Our latest reliability and satisfaction survey results show TVs remain very reliable – of 1774 bought new in the past three years, just 6% have needed repair or replacement. But how does that stack up with the life we expect from our goggleboxes?
Our latest reliability and satisfaction survey results show TVs remain very reliable – of 1774 bought new in the past three years, just 6% have needed repair or replacement. But how does that stack up with the life we expect from our goggleboxes? Here’s what our survey found.
Fewer than one in 10 TV buyers (9%) would be accepting of failure within five years. More than half (53%) demanded longer than eight years from their window to the world.
Sony owners had the highest expectations: 60% wanted at least eight years from their set. That’s not because Sony TVs are more expensive – the range of prices paid for Sony models was bang-on average.
Veon owners set their sights lower – a quarter thought three to five years of life was reasonable, and only a third set eight years as the minimum acceptable lifetime. Those expectations did reflect price paid. All but one Veon TV in our survey cost less than a grand, with six in 10 costing under $500.
What happens when a TV goes kaput? Most respondents expected their set would “definitely” (41%) or “probably” (37%) be repairable. Assuming a TV will be repaired means we expect longer life: the proportion of people who expected at least eight years jumps from half to three-quarters. Even Veon owners expected more after a repair – the proportion who would tolerate absolute failure in less than five years drops from 26 to just 5%.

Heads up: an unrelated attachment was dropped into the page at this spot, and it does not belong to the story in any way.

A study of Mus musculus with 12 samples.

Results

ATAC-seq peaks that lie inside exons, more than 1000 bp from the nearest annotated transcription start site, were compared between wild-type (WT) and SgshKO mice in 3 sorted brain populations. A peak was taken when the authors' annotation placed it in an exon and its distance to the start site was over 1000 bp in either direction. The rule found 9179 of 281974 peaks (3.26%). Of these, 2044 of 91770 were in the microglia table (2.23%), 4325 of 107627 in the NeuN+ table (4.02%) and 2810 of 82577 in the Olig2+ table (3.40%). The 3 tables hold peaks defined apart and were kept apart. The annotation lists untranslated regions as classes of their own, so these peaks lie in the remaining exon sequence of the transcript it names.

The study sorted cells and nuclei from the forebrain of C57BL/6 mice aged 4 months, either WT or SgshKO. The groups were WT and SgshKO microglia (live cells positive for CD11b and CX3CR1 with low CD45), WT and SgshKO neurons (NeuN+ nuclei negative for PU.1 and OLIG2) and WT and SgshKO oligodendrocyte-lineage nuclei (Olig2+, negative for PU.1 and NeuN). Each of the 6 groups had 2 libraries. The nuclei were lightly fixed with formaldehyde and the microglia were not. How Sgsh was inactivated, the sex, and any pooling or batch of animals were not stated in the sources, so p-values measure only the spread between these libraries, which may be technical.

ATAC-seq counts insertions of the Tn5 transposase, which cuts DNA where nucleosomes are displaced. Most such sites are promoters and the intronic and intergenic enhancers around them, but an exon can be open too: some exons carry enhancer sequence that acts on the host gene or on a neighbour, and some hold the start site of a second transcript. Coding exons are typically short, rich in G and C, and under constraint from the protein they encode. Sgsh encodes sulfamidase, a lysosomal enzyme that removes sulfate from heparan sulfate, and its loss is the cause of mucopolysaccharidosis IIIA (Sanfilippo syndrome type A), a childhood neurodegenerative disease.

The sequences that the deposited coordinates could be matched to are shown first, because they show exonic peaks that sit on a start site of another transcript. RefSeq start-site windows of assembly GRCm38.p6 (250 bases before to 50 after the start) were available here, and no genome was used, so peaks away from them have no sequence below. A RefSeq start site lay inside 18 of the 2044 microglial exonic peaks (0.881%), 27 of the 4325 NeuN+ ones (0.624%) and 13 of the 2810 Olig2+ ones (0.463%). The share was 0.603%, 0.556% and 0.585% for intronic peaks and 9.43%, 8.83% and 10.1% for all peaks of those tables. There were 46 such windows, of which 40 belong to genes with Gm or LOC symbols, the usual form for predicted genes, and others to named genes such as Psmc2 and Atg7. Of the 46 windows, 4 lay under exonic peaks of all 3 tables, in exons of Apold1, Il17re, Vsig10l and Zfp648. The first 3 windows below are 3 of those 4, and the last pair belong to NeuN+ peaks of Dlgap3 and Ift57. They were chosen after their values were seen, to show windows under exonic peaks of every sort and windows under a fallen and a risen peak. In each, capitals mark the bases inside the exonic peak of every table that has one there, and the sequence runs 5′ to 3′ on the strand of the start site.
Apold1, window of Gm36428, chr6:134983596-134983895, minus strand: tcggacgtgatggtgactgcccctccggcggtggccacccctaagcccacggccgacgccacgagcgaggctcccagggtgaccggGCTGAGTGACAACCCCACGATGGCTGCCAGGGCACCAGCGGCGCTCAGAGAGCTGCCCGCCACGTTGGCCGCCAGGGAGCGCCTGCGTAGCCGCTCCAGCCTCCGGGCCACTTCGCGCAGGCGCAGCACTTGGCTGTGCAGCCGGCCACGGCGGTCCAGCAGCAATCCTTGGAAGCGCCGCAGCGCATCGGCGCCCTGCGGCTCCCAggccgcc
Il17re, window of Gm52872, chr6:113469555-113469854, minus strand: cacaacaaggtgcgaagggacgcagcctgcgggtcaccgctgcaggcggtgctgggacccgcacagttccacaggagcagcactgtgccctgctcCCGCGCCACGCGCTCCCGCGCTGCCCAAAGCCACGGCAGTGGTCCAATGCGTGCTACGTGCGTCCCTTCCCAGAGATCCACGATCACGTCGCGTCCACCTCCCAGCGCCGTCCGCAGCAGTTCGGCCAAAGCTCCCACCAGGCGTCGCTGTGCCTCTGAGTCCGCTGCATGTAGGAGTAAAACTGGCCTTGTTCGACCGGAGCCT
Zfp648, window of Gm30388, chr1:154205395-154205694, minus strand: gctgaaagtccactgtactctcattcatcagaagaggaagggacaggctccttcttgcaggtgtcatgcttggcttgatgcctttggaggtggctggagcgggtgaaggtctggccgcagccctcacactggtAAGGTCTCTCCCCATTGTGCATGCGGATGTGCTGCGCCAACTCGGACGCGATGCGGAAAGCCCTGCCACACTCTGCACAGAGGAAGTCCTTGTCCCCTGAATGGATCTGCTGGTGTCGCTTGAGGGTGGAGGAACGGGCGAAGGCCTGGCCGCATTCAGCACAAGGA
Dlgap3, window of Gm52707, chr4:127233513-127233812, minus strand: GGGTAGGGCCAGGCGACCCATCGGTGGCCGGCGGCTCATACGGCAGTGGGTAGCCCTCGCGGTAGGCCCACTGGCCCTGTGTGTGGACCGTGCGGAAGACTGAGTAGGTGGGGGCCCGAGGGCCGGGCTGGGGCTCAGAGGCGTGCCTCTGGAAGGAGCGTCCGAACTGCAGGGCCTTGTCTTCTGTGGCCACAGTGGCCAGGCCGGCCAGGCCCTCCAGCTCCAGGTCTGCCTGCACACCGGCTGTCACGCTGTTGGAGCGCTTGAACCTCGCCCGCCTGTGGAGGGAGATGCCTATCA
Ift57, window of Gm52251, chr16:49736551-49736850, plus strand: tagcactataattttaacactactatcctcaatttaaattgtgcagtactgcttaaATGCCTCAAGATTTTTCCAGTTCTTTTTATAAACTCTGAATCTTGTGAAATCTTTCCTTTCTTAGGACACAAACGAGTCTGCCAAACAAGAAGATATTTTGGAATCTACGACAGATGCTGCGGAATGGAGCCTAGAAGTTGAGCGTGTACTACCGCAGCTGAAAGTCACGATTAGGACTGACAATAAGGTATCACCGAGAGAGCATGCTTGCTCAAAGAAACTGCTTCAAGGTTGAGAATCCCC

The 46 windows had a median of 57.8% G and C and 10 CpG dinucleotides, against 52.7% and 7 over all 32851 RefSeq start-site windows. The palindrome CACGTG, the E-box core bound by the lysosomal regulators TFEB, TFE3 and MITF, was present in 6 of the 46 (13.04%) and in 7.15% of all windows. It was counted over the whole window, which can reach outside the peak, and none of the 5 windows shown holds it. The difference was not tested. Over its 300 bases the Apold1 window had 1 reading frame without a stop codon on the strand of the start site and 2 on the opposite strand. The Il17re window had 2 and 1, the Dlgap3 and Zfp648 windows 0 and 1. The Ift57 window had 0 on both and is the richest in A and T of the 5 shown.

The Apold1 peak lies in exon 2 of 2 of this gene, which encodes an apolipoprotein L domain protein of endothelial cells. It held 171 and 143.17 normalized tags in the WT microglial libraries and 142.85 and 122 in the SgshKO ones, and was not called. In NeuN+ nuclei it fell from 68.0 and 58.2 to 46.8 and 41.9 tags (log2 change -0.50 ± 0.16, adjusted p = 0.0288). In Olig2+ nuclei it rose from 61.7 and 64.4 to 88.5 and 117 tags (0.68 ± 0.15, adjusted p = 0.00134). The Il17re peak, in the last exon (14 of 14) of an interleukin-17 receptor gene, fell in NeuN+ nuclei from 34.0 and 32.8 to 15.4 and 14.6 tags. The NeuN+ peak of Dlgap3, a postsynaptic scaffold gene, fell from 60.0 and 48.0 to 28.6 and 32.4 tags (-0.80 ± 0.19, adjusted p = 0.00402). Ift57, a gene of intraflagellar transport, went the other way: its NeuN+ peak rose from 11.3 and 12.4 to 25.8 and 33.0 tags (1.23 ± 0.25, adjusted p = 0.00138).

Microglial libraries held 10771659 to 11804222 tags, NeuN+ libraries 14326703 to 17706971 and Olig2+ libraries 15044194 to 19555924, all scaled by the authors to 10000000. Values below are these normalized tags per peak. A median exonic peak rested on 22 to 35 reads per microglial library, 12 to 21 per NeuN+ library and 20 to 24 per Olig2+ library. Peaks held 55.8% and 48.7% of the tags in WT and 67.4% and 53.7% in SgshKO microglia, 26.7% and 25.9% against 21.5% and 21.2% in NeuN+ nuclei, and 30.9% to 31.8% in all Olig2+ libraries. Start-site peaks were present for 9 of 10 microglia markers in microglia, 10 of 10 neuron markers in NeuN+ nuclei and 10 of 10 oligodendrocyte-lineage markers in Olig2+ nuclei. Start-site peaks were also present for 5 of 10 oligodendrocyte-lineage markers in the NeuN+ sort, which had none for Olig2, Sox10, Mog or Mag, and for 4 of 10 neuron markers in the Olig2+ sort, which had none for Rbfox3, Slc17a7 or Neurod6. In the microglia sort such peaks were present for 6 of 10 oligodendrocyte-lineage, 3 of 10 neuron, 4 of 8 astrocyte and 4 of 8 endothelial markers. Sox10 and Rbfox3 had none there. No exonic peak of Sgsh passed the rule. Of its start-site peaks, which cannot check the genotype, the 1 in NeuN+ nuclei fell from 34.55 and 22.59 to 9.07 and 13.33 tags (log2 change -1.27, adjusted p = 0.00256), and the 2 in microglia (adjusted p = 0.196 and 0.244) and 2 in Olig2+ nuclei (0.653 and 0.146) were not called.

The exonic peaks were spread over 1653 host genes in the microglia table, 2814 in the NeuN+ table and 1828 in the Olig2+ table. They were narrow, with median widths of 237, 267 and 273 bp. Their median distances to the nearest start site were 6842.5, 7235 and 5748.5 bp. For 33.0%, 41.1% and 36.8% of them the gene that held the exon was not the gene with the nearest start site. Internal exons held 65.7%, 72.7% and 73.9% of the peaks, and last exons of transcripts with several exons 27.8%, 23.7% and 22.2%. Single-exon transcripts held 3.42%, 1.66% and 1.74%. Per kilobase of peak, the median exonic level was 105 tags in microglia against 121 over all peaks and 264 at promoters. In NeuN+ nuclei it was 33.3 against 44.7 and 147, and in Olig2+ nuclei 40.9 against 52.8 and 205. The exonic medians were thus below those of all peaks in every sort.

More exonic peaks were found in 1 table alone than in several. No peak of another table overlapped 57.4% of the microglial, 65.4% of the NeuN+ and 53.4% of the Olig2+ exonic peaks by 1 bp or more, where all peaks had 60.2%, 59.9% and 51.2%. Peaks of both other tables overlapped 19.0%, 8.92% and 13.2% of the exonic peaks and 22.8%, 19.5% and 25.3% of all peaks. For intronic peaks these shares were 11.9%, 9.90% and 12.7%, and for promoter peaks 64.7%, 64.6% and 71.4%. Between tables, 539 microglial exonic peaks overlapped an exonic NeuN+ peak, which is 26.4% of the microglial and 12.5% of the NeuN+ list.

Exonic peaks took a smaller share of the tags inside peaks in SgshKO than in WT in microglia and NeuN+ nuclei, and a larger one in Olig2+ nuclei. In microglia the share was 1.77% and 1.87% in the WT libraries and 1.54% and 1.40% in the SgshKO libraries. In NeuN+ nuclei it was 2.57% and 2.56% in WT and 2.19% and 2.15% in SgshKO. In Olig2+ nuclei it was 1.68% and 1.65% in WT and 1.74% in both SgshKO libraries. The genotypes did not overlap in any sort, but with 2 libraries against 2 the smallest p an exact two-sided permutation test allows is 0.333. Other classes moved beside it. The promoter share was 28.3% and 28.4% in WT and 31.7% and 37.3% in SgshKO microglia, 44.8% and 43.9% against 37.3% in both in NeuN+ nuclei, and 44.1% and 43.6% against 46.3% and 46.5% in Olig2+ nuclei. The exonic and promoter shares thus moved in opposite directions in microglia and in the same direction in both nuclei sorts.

More than a quarter of new TVs were replacements for models “broken or no longer supported”. But many working sets reached their use-by date because technology moved on (26% of respondents replaced TVs that “no longer did what they needed”), or because the buyer just wanted “something new or different” (33%). Significantly, many cheap TVs (under $1000) weren’t replacements at all – they were bought as an extra set.
The need to keep up with technology, or the desire for something different, might explain why so few expect to keep their new set until it physically wears out – just a third see their future selves handing over a dead TV to the e-waste recyclers.
Forty percent of TVs in our survey cost between $1000 and $2000 and a quarter cost more than $2000. However, Veon operate at a lower price-point than other big brands: 99 % of Veon TVs cost less than $1000 with 61% less than $500.
Eight-nine percent of TV owners in our survey expect to get at least six fault-free years from their TV and half want eight year or more. Only 9% would put up with five years or less. However, Veon owners, who generally paid less for their TV, will tolerate a shorter life: a quarter of them expect five years or less, and only a third expect eight years or more.
Forty-one percent of TV owners in our survey expect their TV to definitely be repairable if it developed a fault. However, Veon owners have significantly lower expectations: just a quarter said their set would definitely be repairable, while a third thought a faulty Veon TV would be headed for recycling or landfill.